Does your child have high blood pressure?
With one third of American children overweight or obese, doctors have raised a new concern for their health: hypertension and high blood pressure. The American Academy of Pediatrics (AAP) is now recommending that doctors regularly screen children for high blood pressure.
According to an article published by the American Academy on Science and Health, serious health issues can arise from failure to diagnose hypertension in children including stroke during adolescence. The article reports that perhaps as many as 2,000 children and teens in the U.S. suffer strokes each year due to hypertension.
But there are challenges in conducting regular screening.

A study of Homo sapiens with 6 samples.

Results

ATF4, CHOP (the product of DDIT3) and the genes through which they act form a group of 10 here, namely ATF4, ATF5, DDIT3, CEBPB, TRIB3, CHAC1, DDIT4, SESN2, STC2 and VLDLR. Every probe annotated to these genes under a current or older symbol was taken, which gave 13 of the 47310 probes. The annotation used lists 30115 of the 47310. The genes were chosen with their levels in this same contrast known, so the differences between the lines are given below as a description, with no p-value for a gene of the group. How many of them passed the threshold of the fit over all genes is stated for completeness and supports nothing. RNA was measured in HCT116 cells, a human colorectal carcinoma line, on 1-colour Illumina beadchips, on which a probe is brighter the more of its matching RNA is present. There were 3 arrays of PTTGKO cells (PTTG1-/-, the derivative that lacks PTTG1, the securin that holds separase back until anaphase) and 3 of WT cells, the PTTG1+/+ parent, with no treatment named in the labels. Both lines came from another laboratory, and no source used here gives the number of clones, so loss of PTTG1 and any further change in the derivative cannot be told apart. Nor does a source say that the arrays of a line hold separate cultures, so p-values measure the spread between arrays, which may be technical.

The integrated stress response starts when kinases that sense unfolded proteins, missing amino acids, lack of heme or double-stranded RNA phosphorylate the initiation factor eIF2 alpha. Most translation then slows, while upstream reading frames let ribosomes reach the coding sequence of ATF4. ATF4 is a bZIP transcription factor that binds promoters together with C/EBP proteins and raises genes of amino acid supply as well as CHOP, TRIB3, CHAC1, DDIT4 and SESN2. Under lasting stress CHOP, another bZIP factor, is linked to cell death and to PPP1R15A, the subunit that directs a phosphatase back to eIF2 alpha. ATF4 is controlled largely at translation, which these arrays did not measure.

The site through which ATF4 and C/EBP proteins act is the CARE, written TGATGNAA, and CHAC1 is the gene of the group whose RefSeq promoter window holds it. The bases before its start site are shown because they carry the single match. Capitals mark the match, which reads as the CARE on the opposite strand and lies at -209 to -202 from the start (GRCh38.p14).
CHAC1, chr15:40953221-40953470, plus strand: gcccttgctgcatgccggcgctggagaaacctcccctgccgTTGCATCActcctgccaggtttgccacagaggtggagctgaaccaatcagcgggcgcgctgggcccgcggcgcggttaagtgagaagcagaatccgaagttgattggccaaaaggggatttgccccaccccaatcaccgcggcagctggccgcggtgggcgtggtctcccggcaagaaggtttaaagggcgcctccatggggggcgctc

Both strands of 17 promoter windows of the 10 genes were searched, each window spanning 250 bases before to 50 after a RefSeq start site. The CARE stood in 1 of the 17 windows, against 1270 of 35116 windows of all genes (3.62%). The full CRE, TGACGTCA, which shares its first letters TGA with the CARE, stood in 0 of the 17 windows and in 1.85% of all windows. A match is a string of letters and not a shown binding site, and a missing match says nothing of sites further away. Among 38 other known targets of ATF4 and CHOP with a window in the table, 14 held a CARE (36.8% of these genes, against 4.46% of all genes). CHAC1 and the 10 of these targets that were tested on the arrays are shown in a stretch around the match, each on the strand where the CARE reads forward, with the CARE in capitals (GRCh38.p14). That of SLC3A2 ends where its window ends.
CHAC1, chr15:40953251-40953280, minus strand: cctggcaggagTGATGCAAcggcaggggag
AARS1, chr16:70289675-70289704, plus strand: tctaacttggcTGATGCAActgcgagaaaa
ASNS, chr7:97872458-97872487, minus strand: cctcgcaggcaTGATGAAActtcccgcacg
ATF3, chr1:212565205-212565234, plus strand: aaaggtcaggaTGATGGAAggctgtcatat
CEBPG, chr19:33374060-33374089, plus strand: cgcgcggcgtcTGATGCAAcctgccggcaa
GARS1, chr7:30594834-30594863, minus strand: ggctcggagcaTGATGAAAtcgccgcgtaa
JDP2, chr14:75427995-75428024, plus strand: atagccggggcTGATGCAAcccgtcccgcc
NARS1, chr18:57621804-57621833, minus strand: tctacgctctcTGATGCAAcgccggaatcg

First, the medical community and parents need to understand that the danger is real.
Second, standard blood pressure cuffs on blood pressure meters are too big for the arms of most children, so they may not produce accurate readings. In fact, using a cuff that is too large may provide an incorrect low reading.
Third, assuming that a correct measurement can be collected, a blood pressure reading that would be high for a child often qualifies as normal in an adult. Doctors may not recognize that a child is in danger.
Without turning to medications, two of the best ways to reduce hypertension and high blood pressure are to exercise regularly and lose weight.
Want to figure-out where your kid fits on the BMI spectrum? Use this BMI calculator .
Let us know your thoughts below:
- As a parent, are you concerned about high blood pressure in your child?
- Should we screen children for high blood pressure in Canada?